Temperament variable by herd, small, rugged, heat tolerant, disease, parasite resistant, survive on marginal forage
Country of Origin: United States
The Pineywoods is one of the oldest breeds of cattle in the United States, descending from Spanish cattle brought to the Americas beginning in the early 1500s. Spanish colonists established low-input, extensive cattle-ranging systems typical of Spanish ranching. The Pineywoods, Florida Cracker, Texas Longhorn, and other breeds which were developed are called criollo cattle, which means “of European origin but born in the New World.” The Pineywoods breed was shaped primarily by agricultural and environmental conditions in Alabama, Mississippi, Georgia, and other parts of the southeastern U.S. This, along with some human selection, has resulted in a breed that is heat tolerant, long-lived, resistant to parasites and diseases, and able to be productive on marginal forage. Pineywoods cattle were used in the production of beef, and occasionally used as dairy cattle.
They also played an important role as oxen in the timber industry of the Southeast. The Pineywoods breed became rare during the late 1800s and early 1900s when improved English and European cattle were brought into the Southeast. Wherever these breeds could tolerate the environmental conditions, they replaced the native Pineywoods. Improved cattle were also crossed with Pineywoods cows to produce calves which had the survival qualities of the dam and the production qualities of the sire. The overuse of crossbreeding almost eliminated the purebred Pineywoods stocks, and the breed nearly became extinct.
Only a few families continued to keep purebred Pineywoods herds. As time passed, their herds became isolated from one another, until each herd became a unique and self-contained strain. Today these strains are the most important genetic elements of the breed. The strains are named after the families who conserved them: Holt in Georgia, Barnes in Alabama, and Conway, Bayliss, and Carter in Mississippi. Some of these strains have long and interesting histories. The Carter strain, for example, began in the 1860s when Print Carter, a sixteen-year-old Civil War veteran, swam a herd of red cows over the Pearl River and began raising cattle. The last outside animal to enter the herd was a bull in 1895, yet the herd thrives today.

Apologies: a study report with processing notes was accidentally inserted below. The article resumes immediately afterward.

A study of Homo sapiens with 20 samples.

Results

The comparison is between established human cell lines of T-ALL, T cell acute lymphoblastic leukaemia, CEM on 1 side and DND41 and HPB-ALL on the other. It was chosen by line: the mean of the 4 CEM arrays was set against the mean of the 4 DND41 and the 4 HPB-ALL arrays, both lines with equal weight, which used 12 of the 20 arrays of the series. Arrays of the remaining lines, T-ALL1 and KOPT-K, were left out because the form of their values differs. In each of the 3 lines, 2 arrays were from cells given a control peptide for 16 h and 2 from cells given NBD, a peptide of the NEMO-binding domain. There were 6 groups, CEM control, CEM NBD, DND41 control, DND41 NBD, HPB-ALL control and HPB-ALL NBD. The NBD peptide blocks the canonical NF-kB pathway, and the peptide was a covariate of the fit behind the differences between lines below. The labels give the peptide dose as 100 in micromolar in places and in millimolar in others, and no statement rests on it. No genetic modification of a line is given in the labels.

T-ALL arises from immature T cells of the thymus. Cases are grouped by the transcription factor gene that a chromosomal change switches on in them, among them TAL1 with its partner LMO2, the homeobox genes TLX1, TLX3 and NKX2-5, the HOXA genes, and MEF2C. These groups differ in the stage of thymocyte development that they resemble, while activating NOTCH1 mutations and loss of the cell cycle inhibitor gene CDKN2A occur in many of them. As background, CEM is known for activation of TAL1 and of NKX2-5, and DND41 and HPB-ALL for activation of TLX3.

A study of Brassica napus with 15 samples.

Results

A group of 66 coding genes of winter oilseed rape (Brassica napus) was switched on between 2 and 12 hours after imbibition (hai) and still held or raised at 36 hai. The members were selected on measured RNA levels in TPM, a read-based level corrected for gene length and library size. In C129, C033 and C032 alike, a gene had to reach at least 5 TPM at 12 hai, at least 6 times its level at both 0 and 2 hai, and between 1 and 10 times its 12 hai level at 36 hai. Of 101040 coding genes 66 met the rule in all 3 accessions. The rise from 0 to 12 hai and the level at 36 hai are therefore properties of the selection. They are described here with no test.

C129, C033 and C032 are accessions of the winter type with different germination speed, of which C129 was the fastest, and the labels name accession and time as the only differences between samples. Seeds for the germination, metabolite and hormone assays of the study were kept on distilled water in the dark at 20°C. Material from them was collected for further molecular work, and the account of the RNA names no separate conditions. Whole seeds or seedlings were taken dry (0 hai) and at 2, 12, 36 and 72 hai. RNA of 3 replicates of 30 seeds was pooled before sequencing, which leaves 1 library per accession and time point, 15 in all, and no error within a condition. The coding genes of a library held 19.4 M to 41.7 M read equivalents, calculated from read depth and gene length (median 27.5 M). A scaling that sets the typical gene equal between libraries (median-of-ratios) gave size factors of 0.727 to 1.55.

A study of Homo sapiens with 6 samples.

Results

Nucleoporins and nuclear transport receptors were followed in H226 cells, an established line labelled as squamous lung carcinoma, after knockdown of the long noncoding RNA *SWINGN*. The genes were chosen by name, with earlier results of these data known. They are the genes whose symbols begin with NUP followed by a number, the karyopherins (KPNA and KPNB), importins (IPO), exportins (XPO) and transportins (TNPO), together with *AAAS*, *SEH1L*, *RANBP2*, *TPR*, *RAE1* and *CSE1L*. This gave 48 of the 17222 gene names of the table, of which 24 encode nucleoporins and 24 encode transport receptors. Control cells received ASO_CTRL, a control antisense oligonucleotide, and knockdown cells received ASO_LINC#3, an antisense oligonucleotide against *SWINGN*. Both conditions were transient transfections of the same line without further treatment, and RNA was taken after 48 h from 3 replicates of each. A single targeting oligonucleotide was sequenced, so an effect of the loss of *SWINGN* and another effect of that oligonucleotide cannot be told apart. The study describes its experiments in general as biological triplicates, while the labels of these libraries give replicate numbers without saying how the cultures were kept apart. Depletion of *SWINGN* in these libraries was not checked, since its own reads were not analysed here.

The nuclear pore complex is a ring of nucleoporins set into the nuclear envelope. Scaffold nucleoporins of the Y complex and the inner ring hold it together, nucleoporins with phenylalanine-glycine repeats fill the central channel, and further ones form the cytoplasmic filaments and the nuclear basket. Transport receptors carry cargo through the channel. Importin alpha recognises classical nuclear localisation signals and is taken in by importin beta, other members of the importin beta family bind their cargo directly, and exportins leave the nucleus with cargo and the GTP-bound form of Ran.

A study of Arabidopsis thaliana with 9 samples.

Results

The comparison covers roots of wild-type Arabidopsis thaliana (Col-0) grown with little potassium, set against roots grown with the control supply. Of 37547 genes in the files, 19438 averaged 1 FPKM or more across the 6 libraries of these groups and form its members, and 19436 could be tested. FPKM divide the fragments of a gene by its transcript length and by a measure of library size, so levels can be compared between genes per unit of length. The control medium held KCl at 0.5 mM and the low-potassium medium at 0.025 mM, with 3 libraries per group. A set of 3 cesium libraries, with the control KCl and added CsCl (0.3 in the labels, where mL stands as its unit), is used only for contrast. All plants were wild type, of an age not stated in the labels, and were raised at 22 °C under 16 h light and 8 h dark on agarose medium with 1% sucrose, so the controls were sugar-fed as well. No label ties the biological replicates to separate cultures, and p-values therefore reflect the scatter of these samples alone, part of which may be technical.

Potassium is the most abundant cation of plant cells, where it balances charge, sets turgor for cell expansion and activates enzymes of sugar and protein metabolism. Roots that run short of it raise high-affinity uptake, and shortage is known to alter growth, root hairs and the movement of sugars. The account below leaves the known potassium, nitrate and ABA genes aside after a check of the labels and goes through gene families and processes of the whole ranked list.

As one would expect of heat-tolerant cattle, Pineywoods are small and rugged. They exhibit the angular appearance of other Spanish cattle, which have become adapted to harsh conditions. Size and selection for beef conformation vary, increasing in the western and northern portions of the range. Cows weigh 600 to 800 pounds, and bulls average 800 to 1,200 pounds. A very few “Guinea,” or dwarf cattle, are found in the breed. Most Pineywoods cattle are horned and vary from long and twisted to short and crumpled.
The Pineywoods breed includes almost all of the solid colors and many of the spotting patterns known to cattle. This is a legacy from Spain, where even today ranchers prefer multicolored herds for range conditions. Some of the family strains have been selected for specific colors or patterns. Conway cattle, for example, are red and white in various patterns. Holt cattle are nearly always black color-sided roan, although James Holt’s father preferred solid-colored duns and had entire herds of that color. Griffen cattle tend to be yellow. Other strains, such as Carter and Barnes, include several colors.
Between 2009 and 2012, Pineywoods have increased 46% in the number of animals registered as breeding stock. Though little known outside the Southeast, the Pineywoods, and the closely related Florida Cracker breed, are high conservation priorities. These American breeds have important qualities, such as fertility and longevity, which are lacking in the Brahman, Zebu, and other heat-tolerant cattle commonly used. The Pineywoods, with almost 500 years of adaptation to the American Southeast, have history on its side as well.
Did you know:
The Livestock Conservancy is America’s leading organization working to save over 150 heritage breeds from extinction. We rely on the support of our members, grants, and donations from the public to raise the $700,000 a year needed to maintain our conservation work with rare breeds of farm animals. Click here to learn how you can help.